May 18, 2005

It's all Greek to me.

I was going to spend all morning complaining this morning, but eBay got in the way, and I have to send out a huge pile of boxes, so my apologies for the brevity.

I really wanted to complain about use of the language. English, I'm told by scholars, is the second hardest language to learn, behind Nipponese. Filled with traps for the unwary, and assembled like our country, out of thousands of bits and pieces, it can still be a beautiful thing when used properly. And that's the trick to it: when used properly.

And don't think I'm suggesting that we all speak like Victorian ladies and gentlemen trying to ascertain a partner's willingness for the night. No, I'm suggesting that I have found it very pleasing to have a certain way about me when I speak. And don't even try to think that I am stilted and high-flown, because that's also far from the case. I don't speak like a Harvard professor, and doubt that I ever would want to. I find, however, that it's pleasing to me to cut back on my slang and what I've always called "trash words."

This was all sparked yesterday at work; I was browsing a medical dictionary from the late 60's when I ran across an interesting word that I could pronounce: tribade. It's what I assume is the 'medical term' for a woman who takes the role of a man in lesbian sexual relations.

Now up until yesterday I would have simply tossed off the term "bull dyke" or something equally coarse from having no idea that there existed a term that has less negative impact, or for that matter doesn't sound like something little boys whisper in the toilets at recess. Tribade is derived, like so much of our language, from Greek roots, and laughingly the root word in Greek means "to rub," but we won't go there. The nice thing about the word is that you could use it as an off-hand compliment to someone you know who is in that position (no pun intended) if you wanted to discuss their tendencies without using the oafishly coarse word "dyke" or it could be used as a derogatory term to someone you don't care for but don't wish to openly offend. For instance, you could shout it out in your favourite retail store, and 1 will get you 10 that nobody in the building but those in your confidence will know what you just said.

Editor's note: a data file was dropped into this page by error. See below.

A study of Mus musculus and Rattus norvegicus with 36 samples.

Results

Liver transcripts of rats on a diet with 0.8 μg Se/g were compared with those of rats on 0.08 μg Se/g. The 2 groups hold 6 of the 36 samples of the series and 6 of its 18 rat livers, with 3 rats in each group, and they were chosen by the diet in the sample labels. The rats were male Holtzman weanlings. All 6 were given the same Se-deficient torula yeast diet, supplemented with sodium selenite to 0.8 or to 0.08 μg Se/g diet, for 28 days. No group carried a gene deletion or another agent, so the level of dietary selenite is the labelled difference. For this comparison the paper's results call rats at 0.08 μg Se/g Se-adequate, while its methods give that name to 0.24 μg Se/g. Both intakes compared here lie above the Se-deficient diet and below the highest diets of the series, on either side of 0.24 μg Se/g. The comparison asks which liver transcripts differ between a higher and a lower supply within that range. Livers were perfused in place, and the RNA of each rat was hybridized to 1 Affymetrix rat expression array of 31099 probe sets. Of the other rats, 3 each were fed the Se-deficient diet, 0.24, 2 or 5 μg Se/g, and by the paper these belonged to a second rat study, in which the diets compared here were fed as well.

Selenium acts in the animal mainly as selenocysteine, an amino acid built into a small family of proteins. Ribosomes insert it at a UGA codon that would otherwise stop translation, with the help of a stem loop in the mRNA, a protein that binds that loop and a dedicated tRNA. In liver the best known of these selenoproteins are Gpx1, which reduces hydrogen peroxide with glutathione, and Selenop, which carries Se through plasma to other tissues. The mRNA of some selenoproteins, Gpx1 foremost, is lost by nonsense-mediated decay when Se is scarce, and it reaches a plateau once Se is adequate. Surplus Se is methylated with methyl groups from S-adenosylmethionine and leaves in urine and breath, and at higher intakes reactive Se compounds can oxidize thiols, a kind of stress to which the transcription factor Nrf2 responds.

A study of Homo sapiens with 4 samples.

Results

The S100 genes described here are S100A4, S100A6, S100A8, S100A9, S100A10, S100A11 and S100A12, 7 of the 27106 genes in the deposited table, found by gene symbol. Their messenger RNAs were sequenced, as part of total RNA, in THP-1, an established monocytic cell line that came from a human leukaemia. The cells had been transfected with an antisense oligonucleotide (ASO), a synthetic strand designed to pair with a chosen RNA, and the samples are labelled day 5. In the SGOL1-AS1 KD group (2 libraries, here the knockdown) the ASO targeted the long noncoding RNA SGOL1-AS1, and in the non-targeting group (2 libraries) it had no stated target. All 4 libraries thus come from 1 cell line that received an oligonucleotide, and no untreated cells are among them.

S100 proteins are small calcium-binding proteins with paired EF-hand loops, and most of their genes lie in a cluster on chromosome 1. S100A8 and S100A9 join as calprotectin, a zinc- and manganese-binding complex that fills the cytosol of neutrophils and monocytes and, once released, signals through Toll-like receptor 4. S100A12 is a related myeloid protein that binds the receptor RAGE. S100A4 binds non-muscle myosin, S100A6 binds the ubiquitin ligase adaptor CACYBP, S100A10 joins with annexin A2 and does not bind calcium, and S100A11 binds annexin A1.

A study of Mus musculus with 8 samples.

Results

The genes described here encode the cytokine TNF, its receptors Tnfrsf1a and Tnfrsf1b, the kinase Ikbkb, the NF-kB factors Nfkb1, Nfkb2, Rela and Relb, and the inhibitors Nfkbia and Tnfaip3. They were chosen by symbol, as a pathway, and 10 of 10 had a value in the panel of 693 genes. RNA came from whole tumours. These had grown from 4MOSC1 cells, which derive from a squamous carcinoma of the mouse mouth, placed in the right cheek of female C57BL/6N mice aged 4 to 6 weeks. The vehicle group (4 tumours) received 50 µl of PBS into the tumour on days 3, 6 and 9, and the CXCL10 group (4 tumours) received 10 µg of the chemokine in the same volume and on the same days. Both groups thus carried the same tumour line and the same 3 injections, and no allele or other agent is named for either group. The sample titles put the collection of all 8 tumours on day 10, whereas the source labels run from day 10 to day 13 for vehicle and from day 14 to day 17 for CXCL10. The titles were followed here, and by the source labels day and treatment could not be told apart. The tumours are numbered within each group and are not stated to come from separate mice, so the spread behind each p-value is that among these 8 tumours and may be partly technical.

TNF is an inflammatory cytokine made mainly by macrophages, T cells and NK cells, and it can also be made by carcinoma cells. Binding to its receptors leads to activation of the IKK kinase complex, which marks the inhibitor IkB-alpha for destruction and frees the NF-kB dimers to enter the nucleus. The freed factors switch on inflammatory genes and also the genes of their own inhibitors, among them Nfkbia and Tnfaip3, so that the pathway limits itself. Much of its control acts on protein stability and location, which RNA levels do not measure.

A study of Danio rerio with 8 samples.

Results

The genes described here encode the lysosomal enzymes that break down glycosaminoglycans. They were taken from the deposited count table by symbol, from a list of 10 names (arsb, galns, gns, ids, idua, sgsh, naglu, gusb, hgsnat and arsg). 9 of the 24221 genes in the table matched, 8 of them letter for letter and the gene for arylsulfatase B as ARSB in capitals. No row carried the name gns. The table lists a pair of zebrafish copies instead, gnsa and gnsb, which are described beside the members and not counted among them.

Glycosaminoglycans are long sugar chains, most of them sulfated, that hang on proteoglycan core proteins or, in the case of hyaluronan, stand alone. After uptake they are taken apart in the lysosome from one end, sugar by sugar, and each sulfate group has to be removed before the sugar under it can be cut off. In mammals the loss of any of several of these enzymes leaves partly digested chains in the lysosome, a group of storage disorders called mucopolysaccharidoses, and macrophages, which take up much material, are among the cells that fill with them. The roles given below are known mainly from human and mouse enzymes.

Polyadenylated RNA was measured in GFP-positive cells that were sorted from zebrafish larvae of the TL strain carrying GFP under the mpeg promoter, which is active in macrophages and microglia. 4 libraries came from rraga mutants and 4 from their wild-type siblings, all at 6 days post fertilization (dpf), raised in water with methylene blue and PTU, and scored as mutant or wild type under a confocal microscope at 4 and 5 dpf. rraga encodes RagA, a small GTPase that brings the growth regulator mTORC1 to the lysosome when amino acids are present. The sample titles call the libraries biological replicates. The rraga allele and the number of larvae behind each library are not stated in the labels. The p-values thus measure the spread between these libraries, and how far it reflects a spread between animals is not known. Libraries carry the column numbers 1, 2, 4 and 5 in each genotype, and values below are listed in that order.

But I run out of time now, so I'll have to pick this thread up later. For now, do me a favor; if you haven't already, google up a Word A Day service, there are numerous free ones out there, and get a new word sent to you each morning, then USE that word. Make it a part of you. See if you can't plane down some of those horrible rough edges.

Tomorrow: being polite.

1 comment:

Kate said...

My favorite word I learned this year is usufruct which comes to us from the Latin usufructus (as do most words peculiar to Louisiana civil law). It means the right to use and to have the fruits of property of another (fruits being natural ones like apples from an orchard, or they can be civil fruits like rent earned from leasing the property). It is great fun, however, to call the cat or my husband a usufruct as the feeling of the word rolling off of the tongue is satisfying when an expletive had wanted to come out and play.